Celiac.com 06/06/2020 - Patients with depression are told they have a chemical imbalance. If someone else in their family is also depressed, the “gene card” is played. “Your depression is genetic”, they are told.
I have been in practice for over 20 years and I find the above data to be false. Consistently we find patients who are suffering from depression and anxiety to be gluten sensitive.
After the digestive tract, the system most commonly affected by gluten is the nervous system. It is thought that depression can be caused by gluten in one of two ways, inflammation and protein absorption.
The first is through the inflammatory changes caused by gluten. A gluten sensitive individual’s immune system responds to the protein gliadin. Unfortunately, that protein is structurally similar to body proteins, including those of the brain and nerve cells. A cross reaction can occur when the immune system “confuses” body proteins with gliadin proteins. This is called cellular mimicry and the result is inflammation where the body is attacking its own tissues. When inflammation happens in the brain and nervous system, a variety of symptoms can occur, including depression. Research shows that patients with symptoms involving the nervous system suffer from digestive problems only 13% of the time. This is significant because mainstream medicine equates gluten sensitivity almost exclusively with digestive complaints.
In a study examining blood flow in the brain, 15 patients with untreated celiac disease were compared to 15 patients treated with a gluten-free diet for one year. The findings were amazing. In the untreated group, 73% had abnormalities in brain circulation by testing while only 7% in the treated group showed any abnormalities. The patients with the brain circulation problems were frequently suffering from anxiety and depression as well.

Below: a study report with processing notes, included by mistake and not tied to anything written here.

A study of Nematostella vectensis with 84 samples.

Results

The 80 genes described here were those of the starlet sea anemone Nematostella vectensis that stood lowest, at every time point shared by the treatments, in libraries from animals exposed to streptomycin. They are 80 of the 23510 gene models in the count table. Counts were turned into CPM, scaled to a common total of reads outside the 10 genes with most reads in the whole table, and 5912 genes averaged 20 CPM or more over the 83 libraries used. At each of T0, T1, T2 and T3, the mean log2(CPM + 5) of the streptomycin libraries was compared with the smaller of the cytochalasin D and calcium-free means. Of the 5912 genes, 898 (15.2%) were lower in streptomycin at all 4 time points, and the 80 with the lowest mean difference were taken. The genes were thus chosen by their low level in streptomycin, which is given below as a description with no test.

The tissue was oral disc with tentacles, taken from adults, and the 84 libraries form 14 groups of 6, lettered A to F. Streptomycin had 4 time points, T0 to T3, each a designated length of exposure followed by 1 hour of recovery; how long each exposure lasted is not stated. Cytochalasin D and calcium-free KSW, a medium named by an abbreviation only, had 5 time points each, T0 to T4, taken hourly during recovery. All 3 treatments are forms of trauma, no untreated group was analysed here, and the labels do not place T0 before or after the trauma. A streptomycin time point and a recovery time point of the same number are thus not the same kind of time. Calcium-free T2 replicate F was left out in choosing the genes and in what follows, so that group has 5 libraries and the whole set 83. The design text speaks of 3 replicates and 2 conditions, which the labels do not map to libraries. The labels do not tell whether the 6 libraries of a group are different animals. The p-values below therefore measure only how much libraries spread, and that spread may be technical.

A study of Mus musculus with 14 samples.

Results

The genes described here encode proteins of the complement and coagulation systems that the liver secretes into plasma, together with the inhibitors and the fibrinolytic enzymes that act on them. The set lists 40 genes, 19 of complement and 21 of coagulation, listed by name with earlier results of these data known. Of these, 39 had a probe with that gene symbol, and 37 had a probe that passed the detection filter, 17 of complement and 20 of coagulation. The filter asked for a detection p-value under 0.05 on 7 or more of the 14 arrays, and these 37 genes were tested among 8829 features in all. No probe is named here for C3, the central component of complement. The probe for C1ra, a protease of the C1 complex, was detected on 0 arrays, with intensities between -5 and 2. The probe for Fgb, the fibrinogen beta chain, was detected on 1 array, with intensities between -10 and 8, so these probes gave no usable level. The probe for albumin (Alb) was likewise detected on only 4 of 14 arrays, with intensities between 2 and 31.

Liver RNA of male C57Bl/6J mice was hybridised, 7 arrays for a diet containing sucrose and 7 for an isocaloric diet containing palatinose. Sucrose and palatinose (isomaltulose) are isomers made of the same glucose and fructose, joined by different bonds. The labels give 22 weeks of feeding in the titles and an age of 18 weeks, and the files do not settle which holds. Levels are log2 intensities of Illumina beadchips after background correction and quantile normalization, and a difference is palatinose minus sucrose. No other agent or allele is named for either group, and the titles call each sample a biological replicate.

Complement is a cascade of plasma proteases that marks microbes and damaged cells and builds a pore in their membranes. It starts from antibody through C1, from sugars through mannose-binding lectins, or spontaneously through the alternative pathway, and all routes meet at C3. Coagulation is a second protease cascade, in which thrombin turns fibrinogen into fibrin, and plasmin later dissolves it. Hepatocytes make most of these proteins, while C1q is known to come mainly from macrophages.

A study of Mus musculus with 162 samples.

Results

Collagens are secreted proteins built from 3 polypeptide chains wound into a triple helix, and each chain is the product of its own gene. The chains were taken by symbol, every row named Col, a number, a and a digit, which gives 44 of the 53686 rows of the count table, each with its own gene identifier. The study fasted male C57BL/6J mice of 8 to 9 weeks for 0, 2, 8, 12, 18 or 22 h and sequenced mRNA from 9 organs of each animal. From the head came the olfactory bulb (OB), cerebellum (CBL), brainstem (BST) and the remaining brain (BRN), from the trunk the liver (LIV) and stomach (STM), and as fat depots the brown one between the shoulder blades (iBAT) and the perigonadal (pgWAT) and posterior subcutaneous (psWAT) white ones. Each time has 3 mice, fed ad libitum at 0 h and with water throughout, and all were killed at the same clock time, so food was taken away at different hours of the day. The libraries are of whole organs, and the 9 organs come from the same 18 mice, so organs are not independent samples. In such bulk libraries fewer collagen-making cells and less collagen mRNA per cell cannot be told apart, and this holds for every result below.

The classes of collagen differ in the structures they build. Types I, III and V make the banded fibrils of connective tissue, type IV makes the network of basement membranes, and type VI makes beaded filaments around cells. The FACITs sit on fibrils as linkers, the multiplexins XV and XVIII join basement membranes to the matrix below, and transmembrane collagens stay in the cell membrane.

In addition to circulation problems, other research looks at the association between gluten sensitivity and its interference with protein absorption. Specifically the amino acid tryptophan can be deficient. Tryptophan is a protein in the brain responsible for a feeling of well-being and relaxation. A deficiency can be correlated to feelings of depression and anxiety.
Our society is too willing to accept “chemical imbalance” as an explanation for their symptoms. Instead of getting to the root cause of the condition, we simply swallow a pill—a pill that in the case of anti-depressants has very dangerous and sometimes lethal side effects.
The frequency with which we are able to successfully taper patients off their anti-depressants is considered “unbelievable” by many mainstream doctors, yet we do it regularly. How is that possible? We actually diagnose the root cause of the depression. Frequently the culprit is gluten.